Halloween to look different in year of COVID-19
Halloween and trick-or-treating is going to look a little different this year with rising concerns of the ongoing pandemic, says Dr. Rutul Dalal, Infectious Diseases medical director, UPMC in the Susquehanna Region, and Dr. David Luo, UPMC primary care.
“Enjoy this year’s celebration for what it is,” Luo said. “With a little preparation, planning and the proper precautions, you can still make it one to remember.”
“The virus is here to stay, at least for the next year,” Dalal said.
Dalal and Luo both suggest that people “get creative” if they will be taking their children out trick-or-treating but strongly advise against large gatherings or parties with the inability to socially distance.
Just like after the Fourth of July and Labor Day festivities, communities could see a spike in cases if mitigation measures of masking, social distancing and hand washing are not followed.
“We have to keep in mind about our basic factors, hand hygiene, masking, social distancing,” Dalal said. “We have been seeing in the hospital that the number of hospitalized patients has increased.”
Dalal suggests a number of tactics to be cautious of COVID while still enjoying the traditions of the holiday, including minimizing contact, not going in other’s homes, “quarantining” the candy pails and bags after trick-or-treating and incorporating cloth masks into costumes.
“Typical plastic Halloween masks with the eye holes and mouth holes wouldn’t offer any protection either way for children or adults,” Luo said.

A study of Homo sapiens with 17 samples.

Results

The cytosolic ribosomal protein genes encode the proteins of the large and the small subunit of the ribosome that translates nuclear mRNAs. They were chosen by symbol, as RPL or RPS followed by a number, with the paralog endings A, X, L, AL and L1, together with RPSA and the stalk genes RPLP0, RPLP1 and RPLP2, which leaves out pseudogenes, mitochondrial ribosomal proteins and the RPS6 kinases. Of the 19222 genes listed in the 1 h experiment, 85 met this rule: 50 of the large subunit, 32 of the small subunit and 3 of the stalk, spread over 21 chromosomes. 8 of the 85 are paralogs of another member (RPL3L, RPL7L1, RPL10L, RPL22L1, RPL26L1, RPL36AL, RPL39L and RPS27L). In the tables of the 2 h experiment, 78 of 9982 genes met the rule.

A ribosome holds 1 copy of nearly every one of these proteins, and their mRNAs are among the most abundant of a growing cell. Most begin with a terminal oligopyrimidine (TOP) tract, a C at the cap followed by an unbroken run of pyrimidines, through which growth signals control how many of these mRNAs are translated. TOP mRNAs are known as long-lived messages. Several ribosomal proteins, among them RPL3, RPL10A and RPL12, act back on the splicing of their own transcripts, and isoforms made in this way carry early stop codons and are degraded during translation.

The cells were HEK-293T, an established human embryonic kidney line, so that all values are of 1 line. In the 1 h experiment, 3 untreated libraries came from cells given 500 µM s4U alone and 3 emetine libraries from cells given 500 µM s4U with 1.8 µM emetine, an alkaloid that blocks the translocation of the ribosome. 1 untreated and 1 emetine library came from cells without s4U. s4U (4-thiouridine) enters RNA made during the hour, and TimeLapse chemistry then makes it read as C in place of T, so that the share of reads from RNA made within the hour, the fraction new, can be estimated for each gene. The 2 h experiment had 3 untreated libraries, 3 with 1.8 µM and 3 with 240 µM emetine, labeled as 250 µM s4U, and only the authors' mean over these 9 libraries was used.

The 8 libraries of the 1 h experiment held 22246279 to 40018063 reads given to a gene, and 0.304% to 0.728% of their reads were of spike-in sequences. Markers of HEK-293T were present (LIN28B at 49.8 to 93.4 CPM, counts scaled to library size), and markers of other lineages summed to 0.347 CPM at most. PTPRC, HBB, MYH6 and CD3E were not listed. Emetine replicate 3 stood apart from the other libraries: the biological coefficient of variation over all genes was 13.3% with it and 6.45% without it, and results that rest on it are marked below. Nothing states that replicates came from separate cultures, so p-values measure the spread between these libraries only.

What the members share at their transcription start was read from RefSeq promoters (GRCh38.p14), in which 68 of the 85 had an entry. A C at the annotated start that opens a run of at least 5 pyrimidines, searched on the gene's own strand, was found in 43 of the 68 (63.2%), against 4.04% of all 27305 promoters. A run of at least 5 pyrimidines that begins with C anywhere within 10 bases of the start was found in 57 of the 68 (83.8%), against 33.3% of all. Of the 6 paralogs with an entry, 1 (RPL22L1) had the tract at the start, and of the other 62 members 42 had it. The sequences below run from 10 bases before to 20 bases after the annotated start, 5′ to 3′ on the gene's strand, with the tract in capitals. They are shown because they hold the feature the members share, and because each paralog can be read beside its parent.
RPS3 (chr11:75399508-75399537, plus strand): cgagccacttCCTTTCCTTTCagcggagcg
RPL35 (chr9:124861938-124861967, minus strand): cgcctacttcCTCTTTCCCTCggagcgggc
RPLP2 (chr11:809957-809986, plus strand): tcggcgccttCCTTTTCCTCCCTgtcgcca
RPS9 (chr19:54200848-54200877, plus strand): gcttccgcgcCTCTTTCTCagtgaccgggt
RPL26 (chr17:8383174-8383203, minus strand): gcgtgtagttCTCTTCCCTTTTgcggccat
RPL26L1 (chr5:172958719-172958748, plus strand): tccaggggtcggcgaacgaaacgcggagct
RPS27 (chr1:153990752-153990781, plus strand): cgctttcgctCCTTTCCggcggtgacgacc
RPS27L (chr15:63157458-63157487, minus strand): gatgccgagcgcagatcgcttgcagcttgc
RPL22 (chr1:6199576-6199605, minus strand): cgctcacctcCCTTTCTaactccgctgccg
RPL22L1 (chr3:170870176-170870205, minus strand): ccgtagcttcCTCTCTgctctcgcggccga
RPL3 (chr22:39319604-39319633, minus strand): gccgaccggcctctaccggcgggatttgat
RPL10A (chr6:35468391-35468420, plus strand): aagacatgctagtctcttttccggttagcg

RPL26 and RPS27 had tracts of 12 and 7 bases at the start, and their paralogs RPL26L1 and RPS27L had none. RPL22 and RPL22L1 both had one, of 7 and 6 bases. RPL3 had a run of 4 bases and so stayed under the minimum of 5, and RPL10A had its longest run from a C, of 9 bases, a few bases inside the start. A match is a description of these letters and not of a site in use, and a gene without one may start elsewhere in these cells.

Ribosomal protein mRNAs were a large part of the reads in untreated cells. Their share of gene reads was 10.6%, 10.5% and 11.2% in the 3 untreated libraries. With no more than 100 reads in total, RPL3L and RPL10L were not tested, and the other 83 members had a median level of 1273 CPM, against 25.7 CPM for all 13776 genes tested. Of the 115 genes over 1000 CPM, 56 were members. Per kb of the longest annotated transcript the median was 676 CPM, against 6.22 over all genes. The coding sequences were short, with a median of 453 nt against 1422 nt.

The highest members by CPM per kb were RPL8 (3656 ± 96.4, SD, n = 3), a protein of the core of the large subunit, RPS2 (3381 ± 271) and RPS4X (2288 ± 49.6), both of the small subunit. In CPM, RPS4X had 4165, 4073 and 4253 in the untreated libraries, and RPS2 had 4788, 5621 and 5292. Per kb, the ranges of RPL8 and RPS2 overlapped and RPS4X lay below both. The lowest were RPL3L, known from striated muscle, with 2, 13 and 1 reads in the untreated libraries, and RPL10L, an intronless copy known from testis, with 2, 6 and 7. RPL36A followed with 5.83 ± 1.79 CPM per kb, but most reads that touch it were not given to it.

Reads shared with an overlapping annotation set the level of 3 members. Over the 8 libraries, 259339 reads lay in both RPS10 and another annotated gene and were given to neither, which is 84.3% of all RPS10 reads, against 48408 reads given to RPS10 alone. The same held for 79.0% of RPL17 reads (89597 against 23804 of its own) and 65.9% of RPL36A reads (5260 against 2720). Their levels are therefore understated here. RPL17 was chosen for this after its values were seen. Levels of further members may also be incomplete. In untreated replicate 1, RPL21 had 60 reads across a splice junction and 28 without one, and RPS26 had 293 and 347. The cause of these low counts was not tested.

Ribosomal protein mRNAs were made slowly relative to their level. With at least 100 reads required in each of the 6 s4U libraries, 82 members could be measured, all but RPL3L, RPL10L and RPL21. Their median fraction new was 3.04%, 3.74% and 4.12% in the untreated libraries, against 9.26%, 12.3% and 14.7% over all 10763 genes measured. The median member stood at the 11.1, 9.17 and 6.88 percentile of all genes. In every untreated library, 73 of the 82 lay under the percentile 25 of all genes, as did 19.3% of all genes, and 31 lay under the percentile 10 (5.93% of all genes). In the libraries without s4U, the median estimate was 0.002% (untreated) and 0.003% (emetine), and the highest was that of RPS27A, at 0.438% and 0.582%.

Dalal added that putting the candy basket or bag in the garage, on the porch or leaving it in a safe area outside for a couple of days will ensure that infection will not be transmitted via candy wrappers.
He also said that when going to eat the treats, wash hands before and after eating them and to not physically touch the candy, but rather use the wrapper to hold the candy.
For those interested in just handing out candy to the trick-or-treaters, the doctors urge people to be mindful, wear a mask over the mouth and nose and sanitize between the trick-or-treaters. Dalal also suggested even having those who are handing out candy make a grabbing tool to minimize human contact.
Dalal added that gloves can be beneficial if the user is able to change gloves between children or sanitize the gloves between the children.
Both Dalal, Luo and all local townships are strongly suggesting individually bagged treats for kids to take as well.
“Assess the COVID-19 levels in your own community,” he said. “If the numbers have been above 5 percent or a 5 percent increase recently, I would try not to venture out.”
Dalal and Luo both suggested doing inside alternative activities such as an inside candy scavenger hunt, Halloween movie marathons or pumpkin carving if your family is more susceptible to the virus or is immunocompromised.
“It can still be enjoyable,” Dalal added.